This blog is based on the discussion paper Crypto Art and Questions of Value, a guide for anyone interested in NFTs, blockchain, crypto art, and the impact of these new technologies on artists and cultural institutions.
The birth of NFTs
In March 2021, the auction house Christie’s sold a digital artwork - Everydays: The First 1000 Days - by the artist Beeple for an unprecedented $69 million. The sale caught the public’s attention and received widespread coverage. Many responses were highly critical, some attacking the aesthetic quality of the artwork, with Sebastian Smee in the Washington Post dismissing it as ‘a marketable digital product by a graphic designer’, while Jason Farago writing for the New York Times described Beeple’s style as ‘colorful, digestible pastiches’. Other criticisms focus on the environmental cost of creating the non-fungible tokens (NFTs) that allow an artist to assign a unique code to a digital artwork so that it can be bought and sold using blockchain technology. The crypto artist Memo Akten has calculated that the carbon footprint for minting a single NFT is around 100 Kg of CO2, equivalent to a 2 hour flight from London to Frankfurt.
Proponents of crypto art claim that it is a democratising force, giving artists and customers the ability to by-pass traditional gatekeepers of the art world. Not only that, but the digital platforms they are traded and displayed on are easier to access than physical galleries, offering an opportunity for innovative cultural institutions to find new ways to share, and benefit from, their collections. The British Museum, for example, has partnered with the French NFT platform LaCollection to explore ways of monetising their digital collections (although there remains a lack of evidence that NFT’s are the answer to this problem).
What is Crypto Art?
Crypto art’s aesthetic roots can be traced back to pop art of the 20th century, particularly in its embrace of consumerism and the replication of content. More recent influences include algorithmic or procedurally generated art, where computer code generates a potentially infinite number of images based on a set of fixed inputs.
The core concept of crypto art is that an artist creates an image, almost always pixel based. The artist then ‘mints’ the image, creating a unique code that is associated with the artwork, and stored on the blockchain. Blockchain technology is theoretically perfectly transparent because everyone with access to the blockchain can view all the other transactions that take place on the system. This means that one person’s claim to ownership of a piece of art, stored as a unique code on the chain, can be verified by all the other users. The ‘original’ image itself, whatever that means in a digital context, is still replicable, and can be copy and pasted and downloaded by whoever can find it on the internet. It is the ownership of the image, rather than the image itself, that is valued, and that is the thing that is bought and sold.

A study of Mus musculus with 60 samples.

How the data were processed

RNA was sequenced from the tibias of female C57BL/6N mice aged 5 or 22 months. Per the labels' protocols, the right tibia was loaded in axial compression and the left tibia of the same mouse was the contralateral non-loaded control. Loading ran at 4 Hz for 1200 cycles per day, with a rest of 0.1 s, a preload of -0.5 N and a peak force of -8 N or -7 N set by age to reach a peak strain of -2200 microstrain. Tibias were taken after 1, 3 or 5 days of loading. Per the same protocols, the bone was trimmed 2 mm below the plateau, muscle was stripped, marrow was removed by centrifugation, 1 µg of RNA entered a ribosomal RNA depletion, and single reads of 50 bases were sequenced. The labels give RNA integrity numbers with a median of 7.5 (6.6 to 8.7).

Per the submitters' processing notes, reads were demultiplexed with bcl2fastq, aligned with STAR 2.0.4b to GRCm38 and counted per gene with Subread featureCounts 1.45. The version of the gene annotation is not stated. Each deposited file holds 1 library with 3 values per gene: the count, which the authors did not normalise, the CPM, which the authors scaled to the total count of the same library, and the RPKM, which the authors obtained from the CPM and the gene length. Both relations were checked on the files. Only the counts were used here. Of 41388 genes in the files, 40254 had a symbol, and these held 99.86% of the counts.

What is the value of (crypto) art?
The discourse around Beeple’s NFT auction was reminiscent of other debates triggered by controversial conceptual art works, from Marcel Duchamps’ Urinal Fountain to, more recently, Maurizio Cattelan’s Comedian, an overripe banana taped to the wall with duct tape.
If an NFT is a pointer to a work of art, not the work of art itself, the same can be said about some conceptual art. It is the idea that is being traded, rather than any material object. By purchasing one of the several copies of Comedian, for example, collectors bought the concept of the piece. This included a certificate of authenticity and instructions on how to install and preserve the artwork, including replacing the banana whenever necessary.
In the case of crypto art, the artist gives their digital artwork value by endowing it with a unique attribute. This is similar to how an author can increase the value of a book just by signing it, or a collectable baseball card gains value because of some rare fault in manufacture. The NFT, by providing a uniquely verifiable digital ‘signature’, gives value to a piece of crypto art.
Thus, compared to other art forms, the value of a piece of crypto art is, in the first instance at least, more explicitly related to ownership, and not just to aesthetic value or historical importance. Of course, any piece of art, however ancient or famous, can be given a price tag. Auctioneers, art dealers, galleries and museums have been assessing the financial value of, and trading, art for centuries. But when these commercial interactions take place, the actors involved still claim that aesthetic assessments are being made as well. Bad art, they might claim, would be worth less money than good art.
Crypto art, by tying its financial value so closely to ownership of an artwork, shines a spotlight on the relationship between art, finance and aesthetics. Indeed, the implication of NFTs is that in purchasing a digital certificate of ownership and authenticity, in the words of Simon Mackenze and Diāna Bērziņa, ‘that might be all you are getting’. It is the claim of ownership of a piece of art, not the artwork itself, that is being bought.
Crucially, Crypto Art, by creating art with a collection of pixels, identified by a unique code on a blockchain, challenges us to think more critically about the meaning and value of owning intangible digital objects. And while the NFT craze might pass, blockchain technology has the potential to allow us to reflect on the regulatory and economic foundations of the art market and the creative industries.